05.13 – Paul Wolfowitz / International Migration

Preaching Morality, Practicing Corruption: World Bank chief involved in corruption scandal.

Over the last four weeks, World Bank President Paul Wolfowitz has had a rough time. While some would think his role in the Bush administration’s failed invasion and occupation of Iraq may be a cause of concern, the crime Wolfowitz is being accused of is that of nepotism. Reports, memos and statements that have now come to light show that Wolfowitz violated World Bank policies by giving his longtime partner Shaha Riza a raise of about $60,000 before she was seconded to the State Department, all on the World Bank purse.

At a World Bank-organized press briefing Liberian, Zambian and Mauritian government officials come down on Wolfowitz’s side, arguing that his anti-corruption campaigns have been a blessing for the African continent. This week we’ll ask whether Wolfowitz – and the World Bank – have in fact been a blessing or a curse for Africa and the world.

Neoliberalism, Trade and Migration.

On May 1st , International Worker’s Day, hundreds of thousands of immigrant workers along with their families, allies and supporters came out into the streets to demand legalization for all undocumented migrants, an end to raids and deportations, and the creation of sanctuary cities and states. Here in Washington D.C., the D.C. Committee for Immigrant Rights, Mexicanos Sin Fronteras, the Metro D.C. Interfaith Sanctuary Network, and the Latino Media Collective organized an all-afternoon event in Malcolm X Park for this national day of action. Next Saturday an African Immigrants Town Hall Meeting will be taking place.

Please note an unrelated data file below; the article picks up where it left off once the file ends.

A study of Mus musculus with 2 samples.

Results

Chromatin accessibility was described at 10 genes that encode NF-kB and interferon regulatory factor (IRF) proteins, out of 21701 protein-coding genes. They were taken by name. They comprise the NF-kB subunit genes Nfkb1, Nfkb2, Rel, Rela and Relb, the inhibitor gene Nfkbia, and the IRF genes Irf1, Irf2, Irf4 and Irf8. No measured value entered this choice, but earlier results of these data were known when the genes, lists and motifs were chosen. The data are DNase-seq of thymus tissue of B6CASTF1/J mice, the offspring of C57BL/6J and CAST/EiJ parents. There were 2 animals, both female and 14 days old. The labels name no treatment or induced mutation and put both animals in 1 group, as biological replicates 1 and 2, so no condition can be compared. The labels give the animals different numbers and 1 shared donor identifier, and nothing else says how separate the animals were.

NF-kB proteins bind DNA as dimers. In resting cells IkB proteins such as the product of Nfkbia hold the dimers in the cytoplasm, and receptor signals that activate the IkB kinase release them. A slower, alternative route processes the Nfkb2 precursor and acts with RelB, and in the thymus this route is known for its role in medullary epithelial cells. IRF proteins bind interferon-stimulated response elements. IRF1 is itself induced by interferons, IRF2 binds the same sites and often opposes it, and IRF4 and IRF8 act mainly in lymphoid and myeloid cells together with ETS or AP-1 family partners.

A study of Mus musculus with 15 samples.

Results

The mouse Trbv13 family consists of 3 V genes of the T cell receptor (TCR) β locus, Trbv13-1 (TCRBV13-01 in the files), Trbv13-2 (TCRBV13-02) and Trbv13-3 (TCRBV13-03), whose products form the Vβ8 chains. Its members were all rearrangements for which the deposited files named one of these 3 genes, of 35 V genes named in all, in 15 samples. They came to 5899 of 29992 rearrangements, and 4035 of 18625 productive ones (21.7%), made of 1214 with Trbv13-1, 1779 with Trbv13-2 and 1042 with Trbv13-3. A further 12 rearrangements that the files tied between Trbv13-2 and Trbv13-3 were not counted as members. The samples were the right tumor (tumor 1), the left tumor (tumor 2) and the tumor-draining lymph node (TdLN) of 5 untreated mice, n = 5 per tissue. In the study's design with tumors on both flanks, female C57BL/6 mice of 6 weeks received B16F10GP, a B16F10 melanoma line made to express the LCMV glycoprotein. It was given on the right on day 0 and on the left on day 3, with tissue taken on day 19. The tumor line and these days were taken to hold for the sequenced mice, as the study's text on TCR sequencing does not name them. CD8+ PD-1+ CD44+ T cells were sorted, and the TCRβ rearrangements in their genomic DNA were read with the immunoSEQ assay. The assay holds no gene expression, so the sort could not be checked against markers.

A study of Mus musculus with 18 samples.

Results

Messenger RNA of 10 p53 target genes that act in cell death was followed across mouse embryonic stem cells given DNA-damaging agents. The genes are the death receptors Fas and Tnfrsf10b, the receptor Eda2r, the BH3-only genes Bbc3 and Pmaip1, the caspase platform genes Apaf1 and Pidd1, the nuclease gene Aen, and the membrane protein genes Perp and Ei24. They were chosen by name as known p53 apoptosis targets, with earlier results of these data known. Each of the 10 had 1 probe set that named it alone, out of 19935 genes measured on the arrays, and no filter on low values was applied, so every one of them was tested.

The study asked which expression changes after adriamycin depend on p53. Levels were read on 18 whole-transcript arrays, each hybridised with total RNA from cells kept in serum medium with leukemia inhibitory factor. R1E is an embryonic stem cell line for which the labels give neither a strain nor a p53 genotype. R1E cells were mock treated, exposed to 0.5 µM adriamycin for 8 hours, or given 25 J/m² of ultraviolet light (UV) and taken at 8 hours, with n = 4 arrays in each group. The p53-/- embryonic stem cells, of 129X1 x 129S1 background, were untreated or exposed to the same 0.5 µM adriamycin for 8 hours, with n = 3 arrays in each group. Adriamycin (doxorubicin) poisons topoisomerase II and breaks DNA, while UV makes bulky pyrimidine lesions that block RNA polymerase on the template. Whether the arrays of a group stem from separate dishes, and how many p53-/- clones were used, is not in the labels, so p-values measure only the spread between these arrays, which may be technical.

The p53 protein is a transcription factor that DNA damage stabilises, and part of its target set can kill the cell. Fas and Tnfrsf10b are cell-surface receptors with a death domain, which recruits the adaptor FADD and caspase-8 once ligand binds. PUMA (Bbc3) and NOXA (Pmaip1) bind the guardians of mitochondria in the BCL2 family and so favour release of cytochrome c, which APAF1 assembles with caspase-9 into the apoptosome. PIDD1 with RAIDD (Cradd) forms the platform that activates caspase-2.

However, it seems that the national migration debate is largely split between two camps–the “anti-immigrant camp” which accuses immigrants of taking away jobs and services, and the “pro-immigrant camp” which argues that migrants wouldn’t be in the US if jobs were not available to them, and thus should be allowed to stay. This week we’d like to dig deeper, to ask some basic underlying questions: WHY are people migrating? WHAT does U.S. economic policy have to do with it? How does CLASS affect the discussion on migration in the US?